When Neri Oxman is in the news, it’s bound to be fascinating. This time around is no disappointment. Back in 2014, we covered her use of Stratasys’ triple-jetting technology in the creation of ‘wearable skins.’ In the article, staff writer Sarah Anderson noted that the aim of Oxman and her team was to be able to embed living matter into their pieces.
Today, Stratasys announced that Oxman has achieved her goal and unveiled her latest creation Mushtari on the stage of TED2015 in Vancouver. The pieces are created not only to allow for living organisms to inhabit them, but also to intentionally manipulate the functions of those organisms. Don’t worry, this isn’t the herald of some dystopian state in which human beings are called ‘organisms’ and enslaved by 3D printed suits. Instead, the occupants are microorganisms such as cyanobacteria and E. coli.
Oxman explained her contribution and its context:
“We live in a special time…This is the first time that 3D printing technology has been used to produce a photosynthetic wearable piece with hollow internal channels designed to house microrganisms. Inspired by the human gastrointestinal tract, Mushtari is designed to host synthetic microorganisms – a col-culture of photosynthetic cyanobacteria and E. coli bacteria – that can fluoresce bright colors in darkness and produce sugar or biofuels when exposed to the sun. Such functions will in the near future augment the wearer by scanning our skins, repairing damaged tissue and sustaining our bodies, an experiment that has never been attempted before.”
Mushtari, the Arabic word for Giant and used to reference the planet Jupiter, is part of a series of pieces by Oxman in a series called Wanderers: An Astrobiological Exploration. The fusion of art and science has never been so clear and stands as a clear testament to the false nature of the division between art and technology.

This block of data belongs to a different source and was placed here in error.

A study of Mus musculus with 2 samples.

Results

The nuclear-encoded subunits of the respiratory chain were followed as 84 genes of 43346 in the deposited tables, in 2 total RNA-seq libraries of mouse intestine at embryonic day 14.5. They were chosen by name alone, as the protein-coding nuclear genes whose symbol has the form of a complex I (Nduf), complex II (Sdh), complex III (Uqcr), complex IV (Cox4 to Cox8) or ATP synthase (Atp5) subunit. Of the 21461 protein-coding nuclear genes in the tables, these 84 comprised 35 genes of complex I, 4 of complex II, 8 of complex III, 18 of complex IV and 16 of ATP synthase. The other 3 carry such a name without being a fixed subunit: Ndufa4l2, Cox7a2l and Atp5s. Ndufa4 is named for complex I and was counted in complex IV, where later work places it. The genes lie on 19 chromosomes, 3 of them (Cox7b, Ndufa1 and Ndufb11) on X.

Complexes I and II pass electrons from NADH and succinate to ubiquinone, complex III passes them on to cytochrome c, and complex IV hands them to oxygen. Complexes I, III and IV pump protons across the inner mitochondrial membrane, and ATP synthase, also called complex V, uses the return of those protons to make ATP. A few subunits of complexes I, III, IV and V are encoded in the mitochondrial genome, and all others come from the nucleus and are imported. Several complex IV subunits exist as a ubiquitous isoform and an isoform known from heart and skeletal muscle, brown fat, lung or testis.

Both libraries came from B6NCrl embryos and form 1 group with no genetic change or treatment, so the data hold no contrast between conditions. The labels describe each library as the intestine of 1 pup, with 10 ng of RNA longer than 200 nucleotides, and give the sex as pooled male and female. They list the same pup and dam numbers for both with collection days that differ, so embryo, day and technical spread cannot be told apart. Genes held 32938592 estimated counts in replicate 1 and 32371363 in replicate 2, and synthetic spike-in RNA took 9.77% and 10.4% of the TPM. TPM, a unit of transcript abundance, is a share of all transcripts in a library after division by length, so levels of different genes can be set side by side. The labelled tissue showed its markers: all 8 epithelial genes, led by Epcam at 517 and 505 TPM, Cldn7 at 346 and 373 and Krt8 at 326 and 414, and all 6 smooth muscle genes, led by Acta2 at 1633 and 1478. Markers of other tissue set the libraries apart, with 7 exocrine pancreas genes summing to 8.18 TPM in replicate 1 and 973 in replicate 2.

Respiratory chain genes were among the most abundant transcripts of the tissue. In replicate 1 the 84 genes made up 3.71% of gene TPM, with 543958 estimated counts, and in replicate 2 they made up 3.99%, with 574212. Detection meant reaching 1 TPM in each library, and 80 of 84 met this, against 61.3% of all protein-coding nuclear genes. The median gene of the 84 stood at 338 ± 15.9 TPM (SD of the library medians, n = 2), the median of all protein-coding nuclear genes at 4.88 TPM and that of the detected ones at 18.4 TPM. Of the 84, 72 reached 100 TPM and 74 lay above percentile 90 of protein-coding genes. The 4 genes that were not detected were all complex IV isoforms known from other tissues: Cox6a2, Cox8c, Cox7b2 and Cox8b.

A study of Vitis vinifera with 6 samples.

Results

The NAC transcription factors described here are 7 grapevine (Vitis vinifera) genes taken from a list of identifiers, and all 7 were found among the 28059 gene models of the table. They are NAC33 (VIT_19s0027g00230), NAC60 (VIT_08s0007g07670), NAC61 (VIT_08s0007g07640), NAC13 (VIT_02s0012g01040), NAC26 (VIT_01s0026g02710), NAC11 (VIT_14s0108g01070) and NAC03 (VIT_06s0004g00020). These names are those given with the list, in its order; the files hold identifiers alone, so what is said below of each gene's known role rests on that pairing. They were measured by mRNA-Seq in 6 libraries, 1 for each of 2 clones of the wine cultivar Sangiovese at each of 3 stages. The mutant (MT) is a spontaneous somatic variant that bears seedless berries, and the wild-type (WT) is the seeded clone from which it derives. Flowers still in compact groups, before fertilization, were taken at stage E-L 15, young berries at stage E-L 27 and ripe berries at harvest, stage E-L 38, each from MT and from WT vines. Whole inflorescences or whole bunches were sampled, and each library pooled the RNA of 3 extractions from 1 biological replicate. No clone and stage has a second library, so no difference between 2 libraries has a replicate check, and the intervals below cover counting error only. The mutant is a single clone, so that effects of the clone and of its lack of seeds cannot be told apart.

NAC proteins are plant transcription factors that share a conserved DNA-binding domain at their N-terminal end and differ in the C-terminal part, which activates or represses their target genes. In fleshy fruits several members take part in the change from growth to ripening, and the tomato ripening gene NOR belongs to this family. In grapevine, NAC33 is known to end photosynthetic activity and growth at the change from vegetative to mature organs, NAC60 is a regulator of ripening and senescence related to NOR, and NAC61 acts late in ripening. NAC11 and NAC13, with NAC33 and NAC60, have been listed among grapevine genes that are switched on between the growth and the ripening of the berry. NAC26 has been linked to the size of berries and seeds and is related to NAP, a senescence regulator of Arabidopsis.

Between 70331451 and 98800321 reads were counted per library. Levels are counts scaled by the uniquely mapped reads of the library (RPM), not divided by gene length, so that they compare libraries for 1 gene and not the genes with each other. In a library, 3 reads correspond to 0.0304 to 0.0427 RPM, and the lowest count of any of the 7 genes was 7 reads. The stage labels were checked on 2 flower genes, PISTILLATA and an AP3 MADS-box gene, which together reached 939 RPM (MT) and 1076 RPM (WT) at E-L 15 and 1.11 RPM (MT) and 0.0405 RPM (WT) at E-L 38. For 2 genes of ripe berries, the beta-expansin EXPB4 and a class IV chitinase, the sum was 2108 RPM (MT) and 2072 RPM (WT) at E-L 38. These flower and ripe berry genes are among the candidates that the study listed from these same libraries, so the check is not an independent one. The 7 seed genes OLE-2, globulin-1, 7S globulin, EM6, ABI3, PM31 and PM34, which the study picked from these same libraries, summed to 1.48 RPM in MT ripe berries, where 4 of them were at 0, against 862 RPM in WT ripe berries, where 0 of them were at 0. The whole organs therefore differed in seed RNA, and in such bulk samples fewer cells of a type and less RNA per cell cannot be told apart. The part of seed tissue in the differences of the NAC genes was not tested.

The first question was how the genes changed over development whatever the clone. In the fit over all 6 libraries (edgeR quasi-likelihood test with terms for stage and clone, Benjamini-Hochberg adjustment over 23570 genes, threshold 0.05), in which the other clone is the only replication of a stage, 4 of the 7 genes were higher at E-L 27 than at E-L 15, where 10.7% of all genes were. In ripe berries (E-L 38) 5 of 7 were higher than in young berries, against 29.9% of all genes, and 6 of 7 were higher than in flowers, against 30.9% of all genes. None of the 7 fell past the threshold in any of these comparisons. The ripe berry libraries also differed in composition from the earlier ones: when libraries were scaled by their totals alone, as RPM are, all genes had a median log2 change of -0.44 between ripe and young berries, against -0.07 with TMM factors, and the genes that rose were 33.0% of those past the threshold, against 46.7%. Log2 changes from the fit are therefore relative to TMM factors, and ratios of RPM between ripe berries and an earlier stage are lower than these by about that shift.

The relationship between Oxman’s team and the team at Stratasys is as symbiotic as Mushtari promises to be. Rather than a development in technology leading to a new application, the desire for an application works hand in hand with the development of the technology. It is the design process at its best: a projected future and the multi-modal effort to address a wicked problem.
The Creative Director for Art & Fashion Design at Stratasys, Naomi Kaempfer, described the co-investigative nature of the project:
“We have a fertile research collaboration with Professor Neri Oxman, one that has great reciprocal benefits as we push each other to the edges of expression and technological capability. 3D printing Mushtari is a wonderful example of how far this collaboration can bring us. The fluid channels in the wearable stretch to around 58 m, with an inner channel diameter ranging from 1 mm to 2.5 cm, frequently turning sharply in new directions. Clearing the support material out from such a long, narrow, and complex structure to create the hollow channels for living matter presented a significant challenge. Our R&D team went beyond the boundaries of our existing technology, formulating a dedicated improved support structure to allow a smooth, effective process in support of Professor Oxman’s vision.”
In this latest step Oxman foresees a future in which we don’t simply design with nature but rather can begin to design nature itself. While this is not the first time that such grandiose claims have been made, Oxman seems closer than most. Let us know what you think about Oxman’s creations in the Wearable Skin forum thread on 3DPB.com.